All Katherine residents are taking part in the law suit against the Department of Defence over PFAS chemical contamination.
Shine Lawyers has filed an “open” class action against Defence on behalf of everyone, not just those hundreds who have already signed up.
But any others won’t be directly involved.
Defence has already indicated in other cases already presented in Oakey and Williamtown it intends to contest the cases.
But as the case reaches court, it is expected residents who want to “opt out” of the action will be allowed to.
“An open class means that anyone that fits within the ‘class definition’ is part of the class action,” Joshua Aylward from Shine Lawyers said.
“Essentially, this means that everyone who owns a property or business within Defence’s Investigation Area are part of the action,” Mr Aylward said.
The class action has been filed on behalf of members of the Katherine community who own, or either own, residential or commercial property or businesses in the investigation area at November 23, 2016.
It is alleged that the contamination by PFAS has negatively impacted business and land values in Katherine.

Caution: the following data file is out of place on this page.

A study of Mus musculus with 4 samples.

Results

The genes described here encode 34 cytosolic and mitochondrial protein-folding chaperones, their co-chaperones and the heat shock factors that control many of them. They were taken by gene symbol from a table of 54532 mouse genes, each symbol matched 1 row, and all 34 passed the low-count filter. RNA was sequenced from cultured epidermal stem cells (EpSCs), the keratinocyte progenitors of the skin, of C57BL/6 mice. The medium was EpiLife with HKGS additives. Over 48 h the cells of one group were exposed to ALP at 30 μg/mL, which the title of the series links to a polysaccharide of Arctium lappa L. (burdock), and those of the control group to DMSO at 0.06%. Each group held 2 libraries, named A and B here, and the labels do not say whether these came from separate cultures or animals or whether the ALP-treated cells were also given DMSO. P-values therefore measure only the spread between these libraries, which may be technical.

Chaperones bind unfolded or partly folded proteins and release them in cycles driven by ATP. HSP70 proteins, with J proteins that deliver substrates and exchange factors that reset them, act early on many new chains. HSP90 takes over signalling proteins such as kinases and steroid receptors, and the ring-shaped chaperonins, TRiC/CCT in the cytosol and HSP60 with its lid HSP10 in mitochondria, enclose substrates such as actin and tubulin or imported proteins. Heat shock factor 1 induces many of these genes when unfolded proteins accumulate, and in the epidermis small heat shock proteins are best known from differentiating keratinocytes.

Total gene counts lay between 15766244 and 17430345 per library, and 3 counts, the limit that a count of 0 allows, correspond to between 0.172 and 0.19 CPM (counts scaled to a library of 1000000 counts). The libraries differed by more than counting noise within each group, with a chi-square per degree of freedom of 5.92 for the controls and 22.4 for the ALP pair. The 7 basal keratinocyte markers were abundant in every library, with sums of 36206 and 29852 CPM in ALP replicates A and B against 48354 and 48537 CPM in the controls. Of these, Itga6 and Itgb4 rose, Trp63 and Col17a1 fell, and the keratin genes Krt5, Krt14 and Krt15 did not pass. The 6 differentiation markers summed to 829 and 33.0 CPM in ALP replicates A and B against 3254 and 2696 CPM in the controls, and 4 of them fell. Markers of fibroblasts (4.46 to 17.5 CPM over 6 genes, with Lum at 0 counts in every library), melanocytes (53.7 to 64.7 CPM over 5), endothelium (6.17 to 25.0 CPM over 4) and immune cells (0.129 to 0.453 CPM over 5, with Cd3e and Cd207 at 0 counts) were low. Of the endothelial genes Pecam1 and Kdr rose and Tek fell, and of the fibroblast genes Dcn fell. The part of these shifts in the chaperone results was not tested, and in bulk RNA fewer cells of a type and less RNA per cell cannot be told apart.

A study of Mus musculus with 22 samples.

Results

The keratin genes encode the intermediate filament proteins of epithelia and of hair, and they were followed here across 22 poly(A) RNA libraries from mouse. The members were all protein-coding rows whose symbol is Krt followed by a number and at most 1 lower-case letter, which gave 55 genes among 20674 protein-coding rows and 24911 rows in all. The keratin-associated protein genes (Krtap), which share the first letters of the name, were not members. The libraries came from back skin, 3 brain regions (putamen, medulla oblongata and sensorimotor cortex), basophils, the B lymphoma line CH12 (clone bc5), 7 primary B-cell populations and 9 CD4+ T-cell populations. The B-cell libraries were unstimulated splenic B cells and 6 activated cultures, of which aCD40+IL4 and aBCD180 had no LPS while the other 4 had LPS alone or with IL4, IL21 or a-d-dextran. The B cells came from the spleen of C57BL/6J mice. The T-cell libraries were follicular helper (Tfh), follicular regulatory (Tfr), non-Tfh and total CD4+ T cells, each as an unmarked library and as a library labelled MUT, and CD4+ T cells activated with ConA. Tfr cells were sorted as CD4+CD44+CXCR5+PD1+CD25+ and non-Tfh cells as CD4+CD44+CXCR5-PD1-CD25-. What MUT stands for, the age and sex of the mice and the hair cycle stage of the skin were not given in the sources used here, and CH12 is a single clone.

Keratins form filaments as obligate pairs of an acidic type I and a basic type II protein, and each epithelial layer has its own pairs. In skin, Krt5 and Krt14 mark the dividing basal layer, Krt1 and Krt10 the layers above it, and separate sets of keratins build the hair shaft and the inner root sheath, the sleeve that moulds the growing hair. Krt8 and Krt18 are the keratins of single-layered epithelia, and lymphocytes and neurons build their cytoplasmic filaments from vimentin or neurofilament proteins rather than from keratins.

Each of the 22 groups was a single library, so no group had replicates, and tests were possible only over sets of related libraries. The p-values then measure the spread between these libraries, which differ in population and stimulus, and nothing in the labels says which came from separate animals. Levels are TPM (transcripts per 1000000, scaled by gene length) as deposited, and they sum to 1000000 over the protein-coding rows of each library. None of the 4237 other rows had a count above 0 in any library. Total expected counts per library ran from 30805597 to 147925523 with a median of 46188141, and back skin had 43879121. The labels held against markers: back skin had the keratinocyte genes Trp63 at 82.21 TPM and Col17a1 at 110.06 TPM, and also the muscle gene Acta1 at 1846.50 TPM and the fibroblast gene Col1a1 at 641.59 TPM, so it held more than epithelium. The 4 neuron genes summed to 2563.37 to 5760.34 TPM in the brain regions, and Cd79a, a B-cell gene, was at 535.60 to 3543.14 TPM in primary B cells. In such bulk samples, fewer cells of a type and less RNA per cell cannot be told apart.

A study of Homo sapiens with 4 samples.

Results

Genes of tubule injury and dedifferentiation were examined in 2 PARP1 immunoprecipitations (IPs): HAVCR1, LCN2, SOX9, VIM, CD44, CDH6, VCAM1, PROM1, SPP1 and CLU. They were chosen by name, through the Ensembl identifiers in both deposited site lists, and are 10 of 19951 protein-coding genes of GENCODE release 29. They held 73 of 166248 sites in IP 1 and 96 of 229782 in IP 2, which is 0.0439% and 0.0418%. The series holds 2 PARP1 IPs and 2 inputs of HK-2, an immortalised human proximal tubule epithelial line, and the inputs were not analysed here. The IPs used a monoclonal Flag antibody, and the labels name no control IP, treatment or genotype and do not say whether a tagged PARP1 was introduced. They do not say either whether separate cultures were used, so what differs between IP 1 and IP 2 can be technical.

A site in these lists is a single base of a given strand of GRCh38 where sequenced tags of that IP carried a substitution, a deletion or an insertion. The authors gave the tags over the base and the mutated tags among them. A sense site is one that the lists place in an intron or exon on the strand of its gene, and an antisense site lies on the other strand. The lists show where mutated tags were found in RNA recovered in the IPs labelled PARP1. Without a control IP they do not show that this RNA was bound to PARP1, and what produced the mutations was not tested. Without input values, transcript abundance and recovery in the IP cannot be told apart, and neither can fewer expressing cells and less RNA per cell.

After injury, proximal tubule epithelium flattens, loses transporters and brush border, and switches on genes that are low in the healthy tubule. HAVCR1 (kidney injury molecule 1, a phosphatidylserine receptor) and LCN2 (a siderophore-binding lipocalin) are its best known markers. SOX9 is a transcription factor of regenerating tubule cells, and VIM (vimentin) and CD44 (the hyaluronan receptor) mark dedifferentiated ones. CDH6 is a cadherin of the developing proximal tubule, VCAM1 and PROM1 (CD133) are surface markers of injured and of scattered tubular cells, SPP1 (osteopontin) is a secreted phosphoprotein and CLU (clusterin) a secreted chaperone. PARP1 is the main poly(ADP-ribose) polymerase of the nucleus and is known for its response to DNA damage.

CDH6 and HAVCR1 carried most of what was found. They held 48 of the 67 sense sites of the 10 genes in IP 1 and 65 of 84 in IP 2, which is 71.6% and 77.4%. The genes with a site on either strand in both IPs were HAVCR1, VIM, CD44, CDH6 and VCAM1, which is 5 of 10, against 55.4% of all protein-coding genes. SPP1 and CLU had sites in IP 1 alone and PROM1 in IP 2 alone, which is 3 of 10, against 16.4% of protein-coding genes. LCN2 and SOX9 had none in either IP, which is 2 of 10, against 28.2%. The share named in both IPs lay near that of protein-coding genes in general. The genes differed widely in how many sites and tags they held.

The Katherine class action follows the launch of a class action in Oakey by Shine Lawyers against the Department of Defence.
The Katherine class action is not a claim for personal injuries relating to exposure to PFAS contamination.
“The people who have signed up are the core group of claimants,” Mr Aylward said.
“As these people have registered, we are able to keep them updated and more involved in the action going forward.
“Their information and personal circumstances will also assist in guiding the action.
“People who haven’t registered won’t be directly involved in the action.
“Although anyone who fits the ‘class definition’ is automatically included in the action, the court will order that an opt-out process occur at some point during the action.
“This is where anyone who doesn’t want to be part of the class action can opt-out.”
Mayor Fay Miller was reported to have ABC Radio on the weekend she was upset not to be have been informed of the class action.
Ms Miller reportedly said she had been “too busy” to attend several public meetings on the issue in Katherine.
The class action has been widely reported in the Katherine Times over the past year.
There is no indication yet when court action will begin but it could take months and likely years.